Those who are too smart to engage in politics are punished by being governed by those who are dumber.-Plato
The Cabinet is the committee at the centre of the British political system and is the supreme decision-making body in government. Every Tuesday during Parliament, Secretaries of State from all departments and some other ministers meet in the Cabinet room in Downing Street to discuss the big issues of the day. Meetings are currently attended by 22 paid ministers and one unpaid minister appointed to Cabinet and six other invited ministers and peers.
Government Cabinets have met in the same room since 1856, when it was called the Council Chamber. The Prime Minister chairs the meetings, selects its members, and also recommends their appointment as ministers by the Monarch. The Secretary of the Cabinet is responsible for preparing records of its discussions and decisions.
The modern history of the Cabinet began in the 16th Century with the Privy Council, a small group of advisers to the Monarch. Sir Robert Walpole the first Prime Minister, held occasional meetings of the King’s Ministers – Cabinet – but not in its modern form.
The 1832 Reform Act emphasised the need for government to have the confidence of Parliament as well as the Monarch and for it to act coherently.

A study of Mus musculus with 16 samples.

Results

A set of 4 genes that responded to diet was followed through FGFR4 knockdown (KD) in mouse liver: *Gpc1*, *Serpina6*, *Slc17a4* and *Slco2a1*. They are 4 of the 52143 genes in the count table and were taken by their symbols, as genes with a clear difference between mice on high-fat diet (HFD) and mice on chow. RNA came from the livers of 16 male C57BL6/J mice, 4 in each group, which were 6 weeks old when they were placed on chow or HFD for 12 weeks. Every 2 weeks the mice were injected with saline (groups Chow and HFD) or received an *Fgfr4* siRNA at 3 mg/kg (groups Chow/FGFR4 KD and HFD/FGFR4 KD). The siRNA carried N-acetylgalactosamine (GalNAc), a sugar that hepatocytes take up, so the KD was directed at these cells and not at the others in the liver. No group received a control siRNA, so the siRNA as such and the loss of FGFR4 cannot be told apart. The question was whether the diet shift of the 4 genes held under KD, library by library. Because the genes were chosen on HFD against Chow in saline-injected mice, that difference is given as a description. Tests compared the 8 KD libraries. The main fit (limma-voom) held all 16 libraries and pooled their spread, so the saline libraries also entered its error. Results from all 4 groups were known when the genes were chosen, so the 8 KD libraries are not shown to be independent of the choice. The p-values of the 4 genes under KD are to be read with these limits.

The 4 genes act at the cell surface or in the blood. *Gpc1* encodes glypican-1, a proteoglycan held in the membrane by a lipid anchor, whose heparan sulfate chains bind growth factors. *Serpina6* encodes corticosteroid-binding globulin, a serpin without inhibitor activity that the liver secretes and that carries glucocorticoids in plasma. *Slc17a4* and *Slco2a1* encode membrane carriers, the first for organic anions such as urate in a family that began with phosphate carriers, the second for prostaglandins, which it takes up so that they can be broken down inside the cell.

William Pitt (1783-1801) established the right of the PM to ask ministers to resign. So the conventions of collective Cabinet responsibility and Prime Ministerial control developed. This enabled Ministers to stand together against Parliament under clear leadership.
Up to 1916, a letter written by the PM to the Monarch provided the only record of Cabinet decisions. In 1916 the ‘War’ Cabinet Secretariat and the post of Cabinet Secretary was created. The basic system has survived since then.
When Gordon Brown became Prime Minister in June 2007, the regular day the Cabinet meets was changed from Thursday to Tuesday. While the Cabinet had met on a Thursday since 1963, it had met on other days before. Between 1955 and 1963, Cabinet meetings were held on both Tuesdays and Thursdays. From 1945 to 1955, they were held on Mondays and Thursdays, and before the Second World War, they were usually held on Wednesdays.
Mr Brown chose to move the meetings to Tuesday because Parliament does not meet until the afternoon that day, so members would not have to leave longer meetings early because of Commons engagements.
Powers of Cabinet
The Cabinet has no legal powers - those powers are held by Secretaries of State – but it has collective responsibility to Parliament so all members are bound to support Cabinet decisions even if they were not present.
Much of the work of Cabinet is delegated to Committees. The Prime Minister decides who sits on the Committees and what they are responsible for. Some of the Committees exist for short periods to deal with a particular issue.
Since 1992 the membership of Cabinet Committees has been published. Decisions taken in Committee have full Cabinet authority and may not be brought to full Cabinet.